Tuesday, June 21, 2016

Church Mission Portfolio

Think of a "mission portfolio" as a range of partnerships which will advance your congregation in your current adventure of loving God and loving your neighbors as you do yourself. Of course, "the neighbors" are as Jesus would define them, so that's a range of folk like you and very unlike you, near and far, family/ friend and enemy, and to the extremes of your experience and imagination. Such a portfolio will represent well what the congregation is becoming, and the relationships and activities will have strong "take home" value as the church explores God's Kingdom and follows Christ in transformational ways.

As you think of your congregation you will definitely want a scope from entry level to advanced mission partnerships, engaging all age and stage levels, and intriguing to a variety of interests, hobbies, and skill sets. Yet, having said this, you want the right number that doesn't inundate your congregation with a lot of a little, nor do you want to hit a scale that is an easy challenge. Instead, this should be partnerships keyed to the current priorities of the congregation. You neither want to establish a "mission silo" of interest and engagement to a small percentage of the congregation, nor do you want a mission program so mired in the past that there is no future orientation. A strong mission portfolio will:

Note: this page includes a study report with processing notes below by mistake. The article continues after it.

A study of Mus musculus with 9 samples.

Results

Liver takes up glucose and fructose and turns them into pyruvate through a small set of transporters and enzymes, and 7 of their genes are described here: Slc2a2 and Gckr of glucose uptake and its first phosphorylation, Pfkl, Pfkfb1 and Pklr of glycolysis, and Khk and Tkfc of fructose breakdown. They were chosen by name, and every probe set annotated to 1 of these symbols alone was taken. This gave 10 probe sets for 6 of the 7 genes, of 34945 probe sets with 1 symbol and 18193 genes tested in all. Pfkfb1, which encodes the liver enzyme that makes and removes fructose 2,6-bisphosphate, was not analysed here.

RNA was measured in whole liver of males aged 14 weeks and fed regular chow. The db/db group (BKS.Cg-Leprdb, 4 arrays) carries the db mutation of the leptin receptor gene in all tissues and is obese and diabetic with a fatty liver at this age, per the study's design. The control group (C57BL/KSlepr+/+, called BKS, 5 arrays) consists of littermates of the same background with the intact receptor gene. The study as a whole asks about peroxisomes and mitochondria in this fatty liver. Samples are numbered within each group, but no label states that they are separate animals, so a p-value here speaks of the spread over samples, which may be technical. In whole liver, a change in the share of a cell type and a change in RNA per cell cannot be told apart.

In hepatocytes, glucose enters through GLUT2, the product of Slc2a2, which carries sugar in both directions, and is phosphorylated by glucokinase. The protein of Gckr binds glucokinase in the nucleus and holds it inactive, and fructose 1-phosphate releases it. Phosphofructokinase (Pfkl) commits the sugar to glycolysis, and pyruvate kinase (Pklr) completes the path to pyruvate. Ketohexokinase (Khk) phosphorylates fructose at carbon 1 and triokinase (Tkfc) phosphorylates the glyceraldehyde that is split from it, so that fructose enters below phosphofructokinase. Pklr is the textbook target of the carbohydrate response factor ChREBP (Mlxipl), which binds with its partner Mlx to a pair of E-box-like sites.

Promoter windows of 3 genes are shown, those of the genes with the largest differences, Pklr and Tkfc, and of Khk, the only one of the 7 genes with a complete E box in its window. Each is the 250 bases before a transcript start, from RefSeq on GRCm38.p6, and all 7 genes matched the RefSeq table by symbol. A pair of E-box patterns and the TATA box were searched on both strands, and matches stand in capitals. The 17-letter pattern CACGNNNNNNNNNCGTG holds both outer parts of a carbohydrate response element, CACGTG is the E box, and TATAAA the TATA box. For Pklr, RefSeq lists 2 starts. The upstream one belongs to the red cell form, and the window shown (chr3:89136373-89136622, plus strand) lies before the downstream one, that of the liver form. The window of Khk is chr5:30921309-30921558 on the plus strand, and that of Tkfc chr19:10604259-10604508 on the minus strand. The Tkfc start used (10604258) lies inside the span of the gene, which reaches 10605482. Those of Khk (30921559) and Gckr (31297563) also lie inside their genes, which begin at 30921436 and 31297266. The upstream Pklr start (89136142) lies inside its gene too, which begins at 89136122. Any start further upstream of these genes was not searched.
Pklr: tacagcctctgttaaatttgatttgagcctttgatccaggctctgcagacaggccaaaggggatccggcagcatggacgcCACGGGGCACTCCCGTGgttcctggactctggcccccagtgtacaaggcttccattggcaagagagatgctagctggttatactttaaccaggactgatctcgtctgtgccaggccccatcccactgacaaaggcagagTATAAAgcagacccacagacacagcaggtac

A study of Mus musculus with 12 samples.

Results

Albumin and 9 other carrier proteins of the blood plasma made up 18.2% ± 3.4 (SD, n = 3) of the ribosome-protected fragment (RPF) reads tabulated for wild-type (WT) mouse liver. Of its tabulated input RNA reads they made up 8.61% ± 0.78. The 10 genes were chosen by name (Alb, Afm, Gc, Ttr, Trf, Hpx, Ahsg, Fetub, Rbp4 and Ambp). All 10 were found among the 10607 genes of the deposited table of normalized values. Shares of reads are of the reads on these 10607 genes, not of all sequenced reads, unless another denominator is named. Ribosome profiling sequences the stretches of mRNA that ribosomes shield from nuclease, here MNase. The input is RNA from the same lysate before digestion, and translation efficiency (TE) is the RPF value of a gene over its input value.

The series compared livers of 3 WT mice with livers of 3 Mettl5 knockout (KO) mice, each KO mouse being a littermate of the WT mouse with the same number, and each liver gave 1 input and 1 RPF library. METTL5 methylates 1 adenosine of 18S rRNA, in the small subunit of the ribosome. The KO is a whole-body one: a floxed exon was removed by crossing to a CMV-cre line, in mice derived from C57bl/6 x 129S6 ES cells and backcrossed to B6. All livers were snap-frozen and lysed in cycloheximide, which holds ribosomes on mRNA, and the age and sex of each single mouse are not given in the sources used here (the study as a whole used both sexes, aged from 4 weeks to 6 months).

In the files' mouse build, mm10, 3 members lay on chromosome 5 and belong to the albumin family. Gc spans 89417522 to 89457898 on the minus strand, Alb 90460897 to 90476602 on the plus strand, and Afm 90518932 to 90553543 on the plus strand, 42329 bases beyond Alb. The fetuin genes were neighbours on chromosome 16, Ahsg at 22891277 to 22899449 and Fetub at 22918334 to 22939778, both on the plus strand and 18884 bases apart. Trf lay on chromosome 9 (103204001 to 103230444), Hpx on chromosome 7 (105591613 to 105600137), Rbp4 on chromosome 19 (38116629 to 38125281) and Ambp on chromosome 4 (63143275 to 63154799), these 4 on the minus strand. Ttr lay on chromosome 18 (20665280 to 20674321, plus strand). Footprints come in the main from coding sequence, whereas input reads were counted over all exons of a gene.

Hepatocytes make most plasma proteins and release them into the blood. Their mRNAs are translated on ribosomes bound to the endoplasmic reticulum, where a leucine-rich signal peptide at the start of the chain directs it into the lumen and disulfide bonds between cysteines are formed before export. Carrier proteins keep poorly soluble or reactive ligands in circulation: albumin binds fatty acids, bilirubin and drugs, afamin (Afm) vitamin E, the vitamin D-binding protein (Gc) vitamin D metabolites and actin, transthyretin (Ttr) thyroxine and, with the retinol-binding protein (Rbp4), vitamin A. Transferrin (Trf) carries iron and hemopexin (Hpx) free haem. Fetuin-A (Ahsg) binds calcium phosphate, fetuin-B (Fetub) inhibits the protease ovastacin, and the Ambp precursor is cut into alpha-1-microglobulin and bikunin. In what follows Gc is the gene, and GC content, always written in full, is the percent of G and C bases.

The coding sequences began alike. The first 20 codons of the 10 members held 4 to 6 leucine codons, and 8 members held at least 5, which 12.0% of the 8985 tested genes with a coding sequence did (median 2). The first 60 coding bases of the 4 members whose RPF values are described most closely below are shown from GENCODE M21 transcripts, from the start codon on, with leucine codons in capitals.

• appeal to the whole life of the congregation, 
  • lend itself well to worship, discipleship, prayer, and the identity and practices of the church throughout the year, 
  • welcome assessment and evaluation in light of both missional best practices and where the congregation is headed in the future, 
  • weave together local, national, and international in ways which enhances each area,
  • is a way the whole congregation can experience and express the Body of Christ,
  • while continuing to respond to the call to love God and love our neighbor as we do ourselves.
Many congregations need to get beyond practices of mission which are too much like projects and too little like missio Dei. Too often congregational mission only appeals to a small number of church folk who have certain time, skills, and funding. Frequently mission is not a movement of the whole congregation, but the playground of a few who champion certain causes. Far too often, this has become the realm of non-profits and not of the church. 

Attention to this in a holistic way can create paths of mission for every age and stage in a church. A strong mission portfolio allows for education, action, and reflection. Developing a plan for a year helps to create balance and builds in assessment. This approach enhances strong theological grounding and church foundation so that the mission plan doesn't get lost in activity and repetition. 

Helpful background resources for a mission portfolio may include:
In addition, your church and conference will likely have focal points which will guide the portfolio. Here is a sample which can be adapted to your context. You also have resource people (like me in North GA and for Global Ministries) as you help your church become more strategic by using a portfolio approach to congregational mission.